Schools should teach to think rather than teach knowledge. How can it be done?
Think, Don’t Know
This idea that it is more important for children to learn how to approach problem solving rather than knowing the answer is really not new. Yet the approach of drilling as much knowledge as possible into our kids is still amazingly widespread.
Put Creativity Center Stage
We seem to lack a widespread solution of how thinking is taught. Parts of the answer may lie in creativity; something the modern workplace and our increasingly complex world is craving for. Yet creativity and diversity is not something our schools are particularly good at.
Use the Breadth of our Senses
Children are still faced with grids and pre-configured templates printed out as lines and shapes on paper for them to fill in. Languages are rarely taught from first grade, an age where it is easiest for children to learn them. The arts still play a minor role in most curricula, as do social excercises. In schools, the amazing breadth of our senses too often goes to waste.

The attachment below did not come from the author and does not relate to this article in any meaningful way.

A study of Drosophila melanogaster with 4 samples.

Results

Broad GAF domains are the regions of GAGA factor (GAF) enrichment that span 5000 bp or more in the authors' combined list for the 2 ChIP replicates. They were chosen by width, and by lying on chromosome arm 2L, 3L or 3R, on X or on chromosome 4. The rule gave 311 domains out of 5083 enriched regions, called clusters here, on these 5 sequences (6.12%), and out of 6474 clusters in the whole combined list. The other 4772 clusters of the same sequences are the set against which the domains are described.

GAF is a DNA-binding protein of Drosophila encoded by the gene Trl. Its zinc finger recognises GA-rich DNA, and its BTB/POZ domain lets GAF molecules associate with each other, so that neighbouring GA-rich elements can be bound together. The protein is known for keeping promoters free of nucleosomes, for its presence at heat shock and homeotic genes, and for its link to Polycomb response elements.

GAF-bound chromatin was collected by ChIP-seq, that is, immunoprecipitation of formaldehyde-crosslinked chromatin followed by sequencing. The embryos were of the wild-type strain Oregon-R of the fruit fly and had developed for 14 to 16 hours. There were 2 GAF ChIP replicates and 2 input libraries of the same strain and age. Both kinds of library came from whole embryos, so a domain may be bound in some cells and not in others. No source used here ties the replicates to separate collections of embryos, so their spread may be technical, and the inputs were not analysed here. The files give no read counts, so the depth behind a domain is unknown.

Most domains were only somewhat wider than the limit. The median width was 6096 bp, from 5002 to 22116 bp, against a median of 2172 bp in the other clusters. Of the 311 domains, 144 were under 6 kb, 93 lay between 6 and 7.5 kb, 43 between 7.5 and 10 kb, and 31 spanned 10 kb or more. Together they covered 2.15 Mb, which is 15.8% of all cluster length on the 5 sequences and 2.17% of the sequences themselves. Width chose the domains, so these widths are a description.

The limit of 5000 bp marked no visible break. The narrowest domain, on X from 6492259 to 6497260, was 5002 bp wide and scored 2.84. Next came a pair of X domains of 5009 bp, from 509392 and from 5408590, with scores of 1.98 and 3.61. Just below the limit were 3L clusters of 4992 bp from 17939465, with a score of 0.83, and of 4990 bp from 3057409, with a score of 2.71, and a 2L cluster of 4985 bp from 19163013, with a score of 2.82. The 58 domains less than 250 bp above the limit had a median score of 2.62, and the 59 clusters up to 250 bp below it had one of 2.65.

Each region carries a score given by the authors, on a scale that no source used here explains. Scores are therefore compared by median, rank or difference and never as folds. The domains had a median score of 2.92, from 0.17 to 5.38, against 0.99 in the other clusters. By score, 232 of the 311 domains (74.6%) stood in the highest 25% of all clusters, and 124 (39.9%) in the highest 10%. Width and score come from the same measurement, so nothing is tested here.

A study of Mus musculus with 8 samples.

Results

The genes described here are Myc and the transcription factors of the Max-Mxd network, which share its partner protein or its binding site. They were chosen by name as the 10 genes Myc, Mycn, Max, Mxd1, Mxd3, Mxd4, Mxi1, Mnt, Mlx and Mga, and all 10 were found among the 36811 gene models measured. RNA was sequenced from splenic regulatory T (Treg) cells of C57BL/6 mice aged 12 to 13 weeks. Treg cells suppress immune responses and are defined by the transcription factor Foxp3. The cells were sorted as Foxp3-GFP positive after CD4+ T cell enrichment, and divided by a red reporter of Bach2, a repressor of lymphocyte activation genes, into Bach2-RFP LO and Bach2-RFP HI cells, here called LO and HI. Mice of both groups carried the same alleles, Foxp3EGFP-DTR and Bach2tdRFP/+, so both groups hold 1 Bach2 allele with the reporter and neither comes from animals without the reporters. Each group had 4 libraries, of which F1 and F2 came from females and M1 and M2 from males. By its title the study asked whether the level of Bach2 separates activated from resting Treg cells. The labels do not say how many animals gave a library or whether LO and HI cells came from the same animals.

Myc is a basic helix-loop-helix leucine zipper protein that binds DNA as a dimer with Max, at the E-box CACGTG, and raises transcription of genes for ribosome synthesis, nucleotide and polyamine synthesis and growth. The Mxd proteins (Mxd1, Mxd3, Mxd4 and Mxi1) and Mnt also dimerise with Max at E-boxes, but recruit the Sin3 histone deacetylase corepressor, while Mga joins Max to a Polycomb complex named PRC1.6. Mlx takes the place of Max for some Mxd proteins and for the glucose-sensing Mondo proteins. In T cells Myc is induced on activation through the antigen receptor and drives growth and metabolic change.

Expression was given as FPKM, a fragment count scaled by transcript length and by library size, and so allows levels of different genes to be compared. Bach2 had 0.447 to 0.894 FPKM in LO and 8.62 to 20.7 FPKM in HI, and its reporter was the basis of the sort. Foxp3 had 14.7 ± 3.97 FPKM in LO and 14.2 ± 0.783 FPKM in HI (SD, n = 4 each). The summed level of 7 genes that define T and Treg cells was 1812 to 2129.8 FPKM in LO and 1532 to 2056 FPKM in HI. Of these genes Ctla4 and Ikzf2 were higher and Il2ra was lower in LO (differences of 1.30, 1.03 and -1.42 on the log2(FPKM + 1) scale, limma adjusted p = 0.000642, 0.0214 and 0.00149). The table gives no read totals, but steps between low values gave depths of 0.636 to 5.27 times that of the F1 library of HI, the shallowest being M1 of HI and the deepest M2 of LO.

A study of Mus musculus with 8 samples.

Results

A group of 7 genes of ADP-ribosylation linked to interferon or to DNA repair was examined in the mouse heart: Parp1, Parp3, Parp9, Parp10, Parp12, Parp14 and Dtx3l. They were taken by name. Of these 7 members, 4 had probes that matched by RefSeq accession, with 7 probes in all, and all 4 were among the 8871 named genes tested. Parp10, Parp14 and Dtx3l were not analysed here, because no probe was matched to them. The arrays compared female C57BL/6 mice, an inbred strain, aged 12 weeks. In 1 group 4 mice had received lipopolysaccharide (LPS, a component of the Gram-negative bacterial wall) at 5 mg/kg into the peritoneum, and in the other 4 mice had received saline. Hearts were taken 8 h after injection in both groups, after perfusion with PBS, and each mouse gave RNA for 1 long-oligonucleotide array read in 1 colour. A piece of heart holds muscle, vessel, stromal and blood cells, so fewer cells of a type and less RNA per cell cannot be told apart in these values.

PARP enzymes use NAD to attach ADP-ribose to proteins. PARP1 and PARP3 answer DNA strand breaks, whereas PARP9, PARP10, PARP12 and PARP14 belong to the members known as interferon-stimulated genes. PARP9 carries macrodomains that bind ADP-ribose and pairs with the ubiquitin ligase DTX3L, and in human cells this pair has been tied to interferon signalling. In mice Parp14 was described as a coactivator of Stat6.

Learn About Systems
Learning to be more creative in our problem solving is possible if our schools become a more playful, more diverse and more social. Also schools (and parents) should teach that we are part of a bigger system and that our actions have repercussions beyond our immediate surroundings. We can learn to make this work for us rather than against us.
Creativity, languages, social skills, the ability to learn are all skills needed in today’s digital world, but not exclusively so. The need was always there, it has just become more acute as our world has rapidly grown more connected and more complex.